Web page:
A SYDNEY-based company is looking to provide a better deal for Papua New Guinea coffee farmers, and hopes to develop markets for PNG coffee in Australia, the US and China.
But to do that, says principal Pana Wiya, he needs a capital backer.
Coffee growers earn only 2-5% of the retail price of coffee in supermarkets, or about K2.40 kilogram, and that’s unjust, says Mr Wiya, the owner of Sydney-based Village Coffee.
“It’s unjust because they do 90% of the labour and use their most fertile land to produce the beans. We aim to increase that income to about 30-35%,” he told Business Advantage PNG.
Village Coffee is located in the Sydney suburb of Padstow. So far Mr Wiya has imported 15 tonnes of beans from the Morobe and Eastern Highlands provinces.
Wiya has lived and worked in Sydney for 25 years, mainly in retail. He started Village Coffee when he realised that local growers receive a tiny fraction of the price of roasted coffee.
He has just purchased a 5kg roaster and is roasting on average 50 kg of coffee a week, which is packaged into 250g, 500g and 1kg bags. He sells directly to the public via his website.
“We’ve also been researching the US market and have registered our three brands with Integral Trade, a certification organisation similar to Fair Trade and the Rainforest Alliance.”
It is early days. At the moment, he sources the beans from PNG exporters but he says if he can obtain capital to process and market the beans, he wants farmers to set up their own co-operatives. He would then buy directly from them.
In addition to Australia, Village Coffee has participated in two coffee expos in the southern Chinese city of Guangzhou.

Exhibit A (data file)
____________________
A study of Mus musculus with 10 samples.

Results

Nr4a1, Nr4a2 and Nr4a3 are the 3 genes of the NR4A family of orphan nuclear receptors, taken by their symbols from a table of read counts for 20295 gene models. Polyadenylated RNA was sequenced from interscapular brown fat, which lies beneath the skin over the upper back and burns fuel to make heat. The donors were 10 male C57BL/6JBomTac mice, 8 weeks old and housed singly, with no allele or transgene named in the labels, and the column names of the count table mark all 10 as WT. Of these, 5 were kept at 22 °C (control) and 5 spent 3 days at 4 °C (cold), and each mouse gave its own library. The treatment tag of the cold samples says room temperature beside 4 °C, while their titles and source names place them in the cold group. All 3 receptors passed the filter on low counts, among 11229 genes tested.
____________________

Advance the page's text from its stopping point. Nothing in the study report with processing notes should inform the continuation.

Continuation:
“The Chinese market is an especially challenging one, but it offers vast and exciting potential.
“We’ve also been researching the US market and have registered our three brands with Integral Trade, a certification organisation similar to Fair Trade and the Rainforest Alliance, but which charges farmers and growers nothing to join.
“As well as the Village Coffee label for Australia, we’ve also developed Tenkyu Coffee and Kokoda Coffee labels for the US market,” he said.
Mr Wiya set up his business four years ago. He is now seeking capital backing to expand his wholesale operations.
He aims to return K10 per kilo to growers and an extra K2.50 would be lodged in a superannuation fund.
“Our initial estimates are that it would take two years before growers will see the sorts of benefits I’m talking about.
“This concept is not about maximising profits at the expense of lowly paid growers. Rather, it is to give them a fair share and to ensure their sustainability. The world of greed and money, and using other people for self-gain, has to change.”